There is a NZ Grocers app (https://grocer.nz/) that compares prices of products in supermarkets in NZ. I wanted to develop a list of items that would vary in price and do a price comparison across different local supermarkets to find: 1/ Where the best prices were to be had for specific products 2/Where some short supply products would be available.
The original app creates a list but it is very long and hard to compare similar products, so I wanted to adjust the data into a table with the product as a line item with the stores as columns so you could compare like with like in a shorter list. I had a few issues with the data output using pandas. After using pandas pivot it ordered the data alphabetically and it was hard to compare similar items as they w”ere ordered by the first letter of their name, so if you had a product “chicken breast skinless” and another skinless chicken breast” the first would be ordered under “C” and the 2nd under “S” so hard to compare directly with an alphabetically ordered list. I decided to break the list into separate groups and create a method to create individual URL’s for each group of items that I wanted to review, so that instead of one long lookup list I ended with multiple lookup lists that were appended to each other, so the smaller groupings made it easier to compare similar items in the same group, regardless of the alphabetical order. To do this I needed separate files of the product id’s so that I could concatenate them, along with the initial URL and the preferred shop list so that there were multiple GET requests that would have data in sub-groups. I also needed to add headers to each sub-group so that you could differentiate between each group. Making separate lists allowed for adding & removing items from each list , to keep the list relevant. To make sure the list was available I created a PDF table and then emailed the resultant file to myself daily using Windows task scheduler running on my server and it emailed me the current list at 5am each morning so it is available to me when I go shopping and allows me to see where best to shop. One anomaly that occurred was that the productID’s were 16 digits long, when the CSV file was uploaded into Excel, the number was converted into Scientific notation, and when converting it back to normal integer structure Excel rounded the last digit to a ‘0’ so the product ID was wrong and the Get request failed on a number of items. To resolve this issue I used Bard to write a python script to simplify the original long get request URL into simple lists after exporting results to a CSV.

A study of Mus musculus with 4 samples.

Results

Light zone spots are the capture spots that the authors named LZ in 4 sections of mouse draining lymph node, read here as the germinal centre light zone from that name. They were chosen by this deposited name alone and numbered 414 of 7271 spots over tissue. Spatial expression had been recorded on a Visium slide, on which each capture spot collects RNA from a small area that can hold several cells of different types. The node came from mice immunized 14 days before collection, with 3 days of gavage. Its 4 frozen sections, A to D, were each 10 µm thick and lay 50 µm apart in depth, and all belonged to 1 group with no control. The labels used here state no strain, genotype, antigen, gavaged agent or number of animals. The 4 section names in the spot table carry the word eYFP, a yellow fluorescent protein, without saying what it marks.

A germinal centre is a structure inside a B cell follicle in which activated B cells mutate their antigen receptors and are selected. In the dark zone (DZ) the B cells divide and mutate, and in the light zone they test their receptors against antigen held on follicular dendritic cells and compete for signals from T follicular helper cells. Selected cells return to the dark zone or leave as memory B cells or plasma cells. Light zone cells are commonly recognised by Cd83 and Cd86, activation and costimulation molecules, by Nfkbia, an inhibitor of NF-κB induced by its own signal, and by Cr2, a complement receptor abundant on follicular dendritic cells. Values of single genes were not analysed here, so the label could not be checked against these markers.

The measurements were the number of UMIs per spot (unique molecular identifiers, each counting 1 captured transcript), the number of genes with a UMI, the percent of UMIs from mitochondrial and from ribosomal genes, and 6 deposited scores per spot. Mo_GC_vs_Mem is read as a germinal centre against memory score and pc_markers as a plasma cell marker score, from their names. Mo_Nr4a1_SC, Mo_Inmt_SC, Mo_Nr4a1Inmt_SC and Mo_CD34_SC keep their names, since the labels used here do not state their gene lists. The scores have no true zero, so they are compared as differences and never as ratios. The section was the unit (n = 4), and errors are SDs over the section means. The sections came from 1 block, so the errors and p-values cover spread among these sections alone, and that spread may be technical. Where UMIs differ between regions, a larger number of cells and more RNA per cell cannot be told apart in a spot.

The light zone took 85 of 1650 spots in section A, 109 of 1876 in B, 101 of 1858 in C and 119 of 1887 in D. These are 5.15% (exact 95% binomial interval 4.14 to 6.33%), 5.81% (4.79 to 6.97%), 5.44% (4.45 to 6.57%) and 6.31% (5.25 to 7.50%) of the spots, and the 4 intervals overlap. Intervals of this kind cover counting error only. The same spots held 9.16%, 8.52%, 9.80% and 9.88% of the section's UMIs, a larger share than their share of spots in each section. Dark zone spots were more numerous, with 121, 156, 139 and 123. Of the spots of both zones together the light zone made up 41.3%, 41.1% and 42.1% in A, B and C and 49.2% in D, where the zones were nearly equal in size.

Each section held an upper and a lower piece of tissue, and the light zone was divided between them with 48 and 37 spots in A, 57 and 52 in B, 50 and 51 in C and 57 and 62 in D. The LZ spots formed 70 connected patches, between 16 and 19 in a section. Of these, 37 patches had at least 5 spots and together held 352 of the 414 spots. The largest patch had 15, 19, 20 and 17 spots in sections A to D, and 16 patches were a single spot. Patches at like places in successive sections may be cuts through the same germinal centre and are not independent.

What I initially thought was a simple exercise ended up being a bit more complex than I thought and I decided to make it a bit more flexible that it needed to be. Overall I‘m pleased with the results and think ity can be adapted by others reasonably easily, apart from getting the headers correct which can be a bit fiddly. You can download the code here
For the PDF file to work you may need the DejaVuSansCondensed.ttf font file & you need to give a path to where the file is located.
Ordering items for grouping
The one thing I’m not that happy about is ordering the items – It would be good to be able to insert a number or something at the front of the item to be able to be sort them into a grouping that was more convenient.
I’ll need to think about that to see if there is a better way to do this.
I am pleased with the result of the process. In some ways its not much different from other Get requests that I’ve done for other APIs and sending emails to myself with information.
Building the URL’s from scratch so that they can be constantly updated is an extra addition to the process.
I’ve since added some extra items to different lists and it works fine.
I did spend a bit of time trying to get tle list to have both productID and Product name, so it was easy to see items that you may want to add/delete.